BBC journalists are set to start a strike ballot this week amid reports that hundreds of journalism jobs at the corporation are under threat.
The NUJ has confirmed that ballot papers could be sent to members as early as Friday and that the outcome of the vote will be announced in around a month's time.
The union claimed 100 editorial jobs face the axe at BBC World Service and that there are further 30 posts under threat in the BBC's Television Current Affairs department and 43 journalism jobs at risk in BBC News.
NUJ general secretary-elect Michelle Stanistreet said: 'We have worked hard to try to resolve job losses at the corporation however we have reached a point where the BBC is targeting our members for compulsory redundancy.
'We will continue at local and national level to do everything we can to resolve the outstanding cases. We must be ready to take action to defend the jobs of journalists and to protect the vital public services they provide.'
A BBC News spokesman said: 'We believe that industrial action is not necessary and that dialogue is the best way to resolve this issue.'
A report in The Guardian last week claimed that up to 1,000 jobs could go at BBC News offices across the UK and overseas – and that the majority of these would be reporting jobs.
The paper said that BBC News director Helen Boaden had put forward proposals to cut its budget by 20 per cent, or £89m, by 2016-17.
The BBC spokesman added: 'We are not going to get drawn into a running commentary - no decisions have been taken and therefore these claims remain speculation.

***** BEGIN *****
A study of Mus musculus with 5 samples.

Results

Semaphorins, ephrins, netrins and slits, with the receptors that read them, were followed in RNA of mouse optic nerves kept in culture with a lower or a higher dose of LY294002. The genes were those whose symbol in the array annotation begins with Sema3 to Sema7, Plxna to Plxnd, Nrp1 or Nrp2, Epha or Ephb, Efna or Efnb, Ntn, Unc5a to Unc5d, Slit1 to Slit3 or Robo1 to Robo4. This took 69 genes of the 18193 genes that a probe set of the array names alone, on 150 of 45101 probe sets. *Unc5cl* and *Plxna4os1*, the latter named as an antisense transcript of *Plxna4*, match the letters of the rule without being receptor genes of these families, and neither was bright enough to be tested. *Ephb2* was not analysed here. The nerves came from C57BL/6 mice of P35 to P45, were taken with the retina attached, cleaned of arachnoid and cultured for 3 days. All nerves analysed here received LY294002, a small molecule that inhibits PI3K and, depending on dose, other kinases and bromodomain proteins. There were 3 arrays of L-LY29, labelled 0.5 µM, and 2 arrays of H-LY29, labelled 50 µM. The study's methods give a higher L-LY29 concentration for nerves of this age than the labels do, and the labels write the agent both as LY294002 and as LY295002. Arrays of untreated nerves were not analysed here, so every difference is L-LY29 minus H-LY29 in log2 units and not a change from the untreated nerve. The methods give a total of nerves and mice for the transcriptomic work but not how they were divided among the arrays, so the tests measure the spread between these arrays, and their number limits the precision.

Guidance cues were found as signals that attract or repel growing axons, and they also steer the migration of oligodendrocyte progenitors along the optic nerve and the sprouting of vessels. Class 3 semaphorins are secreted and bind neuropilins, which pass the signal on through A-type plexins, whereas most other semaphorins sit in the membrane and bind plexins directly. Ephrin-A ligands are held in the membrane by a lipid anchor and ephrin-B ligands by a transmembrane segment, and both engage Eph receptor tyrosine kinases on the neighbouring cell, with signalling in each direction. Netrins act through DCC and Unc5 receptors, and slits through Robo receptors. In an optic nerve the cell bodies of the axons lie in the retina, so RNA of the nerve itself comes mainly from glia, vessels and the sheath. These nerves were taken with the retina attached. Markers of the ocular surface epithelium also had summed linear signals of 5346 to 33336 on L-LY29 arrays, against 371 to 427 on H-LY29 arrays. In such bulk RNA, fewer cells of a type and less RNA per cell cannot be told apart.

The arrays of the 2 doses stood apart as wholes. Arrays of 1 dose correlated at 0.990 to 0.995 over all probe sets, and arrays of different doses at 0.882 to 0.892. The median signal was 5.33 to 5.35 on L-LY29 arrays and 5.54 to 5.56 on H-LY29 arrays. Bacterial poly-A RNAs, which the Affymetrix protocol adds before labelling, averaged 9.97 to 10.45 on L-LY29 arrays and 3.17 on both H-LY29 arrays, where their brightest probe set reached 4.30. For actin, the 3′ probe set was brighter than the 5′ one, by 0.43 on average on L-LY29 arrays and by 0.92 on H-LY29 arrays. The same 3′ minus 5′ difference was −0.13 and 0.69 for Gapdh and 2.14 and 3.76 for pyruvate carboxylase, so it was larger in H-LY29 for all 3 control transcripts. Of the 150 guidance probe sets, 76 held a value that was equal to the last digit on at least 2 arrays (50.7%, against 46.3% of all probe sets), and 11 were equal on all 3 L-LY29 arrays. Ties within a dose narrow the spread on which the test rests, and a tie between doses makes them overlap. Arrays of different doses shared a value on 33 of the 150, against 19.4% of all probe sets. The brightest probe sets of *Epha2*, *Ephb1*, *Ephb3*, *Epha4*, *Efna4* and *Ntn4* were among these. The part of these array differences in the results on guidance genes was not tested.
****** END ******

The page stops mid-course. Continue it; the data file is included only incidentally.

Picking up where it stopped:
'Any decisions coming out of the process would be subject to approval by the BBC Trust."
Earlier this year it was reported that 650 out of 2,400 World Service jobs would be cut to save £46m a year out of its £272m a year budget, but on Sunday the new BBC Trust chairman Lord Chris Patten indicated he may roll back some of the planned cuts to the World Service.
He told the Sunday Telegraph: "I hope that with the Foreign Secretary we can successfully mitigate the effects of some of the decisions which were taken.
'I'll be talking to him reasonably soon. I know he regards the World Service as an important part of this country's soft power and I'm sure that with goodwill and without megaphones we'll be able to sort it out."
Last October, BBC bosses negotiated a new funding deal with the Coalition Government that saw the corporation take a 16 per cent funding cut in real terms, which amounts to around £340m a year.